Kim Jong Un warns 'Washington not to test North Korean's patience'


North Korean leader Kim Jong Un declared his "strong will" towards denuclearisation in his annual New Year's Day address, but warned that he could "seek a new path" if the United States misjudges his patience.

Kim Jong Un says he is ready to sit down again with President Donald Trump - but also warned the United States against imposing more sanctions.

South Korea - a key United States ally in Asia and the North's capitalist neighbor - praised Kim's speech, calling it a reaffirmation of Pyongyang's commitment to denuclearization.

The hermit-kingdom despot used his New Year address to stage the intervention.

"We are willing to resume the Kaesong industrial complex and tour program to Kumgangsan without any preconditions or price, in consideration of South Korean businessmen who once worked at the complex and their hard situation, along with the hopes of our South Korean comrades who seek to visit our people's famous mountain", Kim said in his speech.

The moves - an about-face from the weapons tests and threats in 2017 - were telegraphed in Kim's previous New Year's speech, in which he offered to discuss participation in the 2018 Winter Olympics.

In the address, Kim Jong-un highlighted last year's developments in inter-Korean and US-North Korea relations, while calling on his country to seek economic development and modernize its defense industry.

Regarding inter-Korean relations, Kim stressed that North Korea was strongly invested in bringing peace and stability to the Korean Peninsula. Since then, North Korea has returned remains of US service members who were killed in North Korea, stopped nuclear missile testing, shut down down the Punggye-ri nuclear test site, begun dismantling some key facilities at the Sohae Satellite Launching Station, and offered the option for inspections. The North Korean leader secured Washington's commitment to suspend US-South Korean drills in exchange for its promise to denuclearize.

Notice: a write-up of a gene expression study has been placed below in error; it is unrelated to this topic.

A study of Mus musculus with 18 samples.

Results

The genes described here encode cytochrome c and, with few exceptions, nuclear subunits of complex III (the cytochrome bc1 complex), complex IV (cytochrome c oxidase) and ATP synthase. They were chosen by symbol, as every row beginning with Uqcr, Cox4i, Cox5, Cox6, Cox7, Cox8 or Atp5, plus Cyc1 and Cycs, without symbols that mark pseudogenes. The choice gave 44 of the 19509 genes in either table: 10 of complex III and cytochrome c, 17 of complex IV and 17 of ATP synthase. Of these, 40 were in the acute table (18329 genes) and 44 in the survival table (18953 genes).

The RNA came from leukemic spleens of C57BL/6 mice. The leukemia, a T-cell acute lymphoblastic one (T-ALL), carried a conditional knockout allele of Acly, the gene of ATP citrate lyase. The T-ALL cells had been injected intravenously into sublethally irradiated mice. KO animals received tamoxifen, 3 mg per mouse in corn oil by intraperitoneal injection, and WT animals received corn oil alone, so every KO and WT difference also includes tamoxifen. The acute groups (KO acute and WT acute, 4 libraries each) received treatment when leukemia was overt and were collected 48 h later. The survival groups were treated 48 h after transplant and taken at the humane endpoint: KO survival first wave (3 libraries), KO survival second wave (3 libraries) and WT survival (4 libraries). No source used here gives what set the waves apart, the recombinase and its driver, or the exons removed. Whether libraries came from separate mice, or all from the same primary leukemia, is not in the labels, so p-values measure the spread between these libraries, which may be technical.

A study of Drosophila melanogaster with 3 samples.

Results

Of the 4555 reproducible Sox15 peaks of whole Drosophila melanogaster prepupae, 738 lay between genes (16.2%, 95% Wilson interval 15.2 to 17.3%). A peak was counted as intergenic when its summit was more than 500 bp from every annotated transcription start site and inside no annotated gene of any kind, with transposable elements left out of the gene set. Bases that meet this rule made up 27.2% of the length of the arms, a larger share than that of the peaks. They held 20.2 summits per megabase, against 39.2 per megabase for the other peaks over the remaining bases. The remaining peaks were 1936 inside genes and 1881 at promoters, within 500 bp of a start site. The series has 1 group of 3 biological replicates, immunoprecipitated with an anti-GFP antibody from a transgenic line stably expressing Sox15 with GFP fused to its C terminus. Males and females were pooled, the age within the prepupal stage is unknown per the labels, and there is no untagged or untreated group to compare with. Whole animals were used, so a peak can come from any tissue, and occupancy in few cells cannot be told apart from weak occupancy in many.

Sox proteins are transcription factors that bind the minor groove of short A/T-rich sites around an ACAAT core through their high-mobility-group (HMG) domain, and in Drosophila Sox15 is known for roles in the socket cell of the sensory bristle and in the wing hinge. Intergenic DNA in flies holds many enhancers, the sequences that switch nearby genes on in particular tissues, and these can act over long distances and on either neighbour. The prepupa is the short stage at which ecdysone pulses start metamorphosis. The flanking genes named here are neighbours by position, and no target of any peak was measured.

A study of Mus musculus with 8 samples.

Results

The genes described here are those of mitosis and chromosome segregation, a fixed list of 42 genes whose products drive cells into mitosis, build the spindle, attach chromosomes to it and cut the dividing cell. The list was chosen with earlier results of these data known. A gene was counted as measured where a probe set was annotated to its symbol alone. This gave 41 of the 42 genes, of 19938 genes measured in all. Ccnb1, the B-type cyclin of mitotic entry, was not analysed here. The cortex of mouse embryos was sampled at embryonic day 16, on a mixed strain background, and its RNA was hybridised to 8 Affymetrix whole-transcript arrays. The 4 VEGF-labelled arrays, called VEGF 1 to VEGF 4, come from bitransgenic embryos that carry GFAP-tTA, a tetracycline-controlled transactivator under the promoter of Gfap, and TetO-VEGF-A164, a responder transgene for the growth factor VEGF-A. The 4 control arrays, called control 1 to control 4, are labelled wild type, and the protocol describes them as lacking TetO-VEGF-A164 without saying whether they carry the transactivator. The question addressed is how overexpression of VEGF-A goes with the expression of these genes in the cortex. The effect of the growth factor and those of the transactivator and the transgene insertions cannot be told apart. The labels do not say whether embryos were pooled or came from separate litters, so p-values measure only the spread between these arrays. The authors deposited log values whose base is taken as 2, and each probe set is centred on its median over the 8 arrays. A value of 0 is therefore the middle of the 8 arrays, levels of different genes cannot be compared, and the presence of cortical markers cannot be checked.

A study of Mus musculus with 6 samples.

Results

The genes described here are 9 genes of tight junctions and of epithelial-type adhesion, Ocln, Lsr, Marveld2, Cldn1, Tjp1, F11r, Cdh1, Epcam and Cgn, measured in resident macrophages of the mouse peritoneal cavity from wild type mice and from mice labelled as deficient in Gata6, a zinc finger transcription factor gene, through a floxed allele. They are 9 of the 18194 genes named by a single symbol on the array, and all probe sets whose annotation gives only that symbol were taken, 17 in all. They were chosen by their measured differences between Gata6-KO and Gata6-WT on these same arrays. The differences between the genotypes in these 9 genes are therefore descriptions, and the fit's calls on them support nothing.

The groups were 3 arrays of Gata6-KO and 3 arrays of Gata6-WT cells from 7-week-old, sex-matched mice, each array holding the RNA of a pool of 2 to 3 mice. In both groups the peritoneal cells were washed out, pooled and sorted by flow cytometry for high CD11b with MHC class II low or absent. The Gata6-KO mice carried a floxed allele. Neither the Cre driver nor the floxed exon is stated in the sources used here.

However, he warned that North Korea might be "compelled to explore a new path" to defend its sovereignty if the USA "seeks to force something upon us unilaterally. and remains unchanged in its sanctions and pressure". Sanctions have also been strengthened since the meeting with Mr Trump.

While the U.S. wants North Korea to unilaterally give up its nuclear weapons, Pyongyang has demanded more security guarantees from Washington.

More news: Bengals fire coach Marvin Lewis after 6-10 season
More news: China-United States head for trade negotiation, signs ending trade war
More news: 7-year-old who spoke with Trump still believes in Santa

Kim and Trump met June 12 in Singapore where they signed a vague statement on a nuclear-free Korean Peninsula without describing when and how it would occur.

Neither of those are now possible for South Korea unless sanctions on the North are removed.

Joseph Cheng, a Hong-Kong-based political scientist, argued that Seoul is ready to offer Pyongyang more economic incentives to scrap its nuclear program, but Washington's insistence that sanctions must stay until complete and irreversible denuclearization is holding further progress back.

The North Korean leader is asking Washington to take the next step to break the stalemate, such as allowing the reopening of the joint Kaesong Industrial Complex, analysts said.

South Korea praised the speech, noting that it was the first time that Mr Kim had uttered the term "complete denuclearisation" in public.

He also urged the United States to take "sincere measures and corresponding action" in response to alleged peace initiatives undertaken by the North Korean government.

Abe, for his part, has said he is willing to meet Kim, though he has insisted that any summit must lead to a resolution of the regime's abductions of Japanese citizens.

The only way to resolve the long-running nuclear conundrum is for the U.S. and North Korea to agree on "stage-by-stage arrangements so there will be reciprocity in mutual concessions", Cheng believes.

Those letters could carry more specific and directed messages to Moon and Trump than the speech, which is primarily intended for a domestic audience, said Ahn Chan-il, a high-ranking defector who now heads the World Institute for North Korea Studies in Seoul.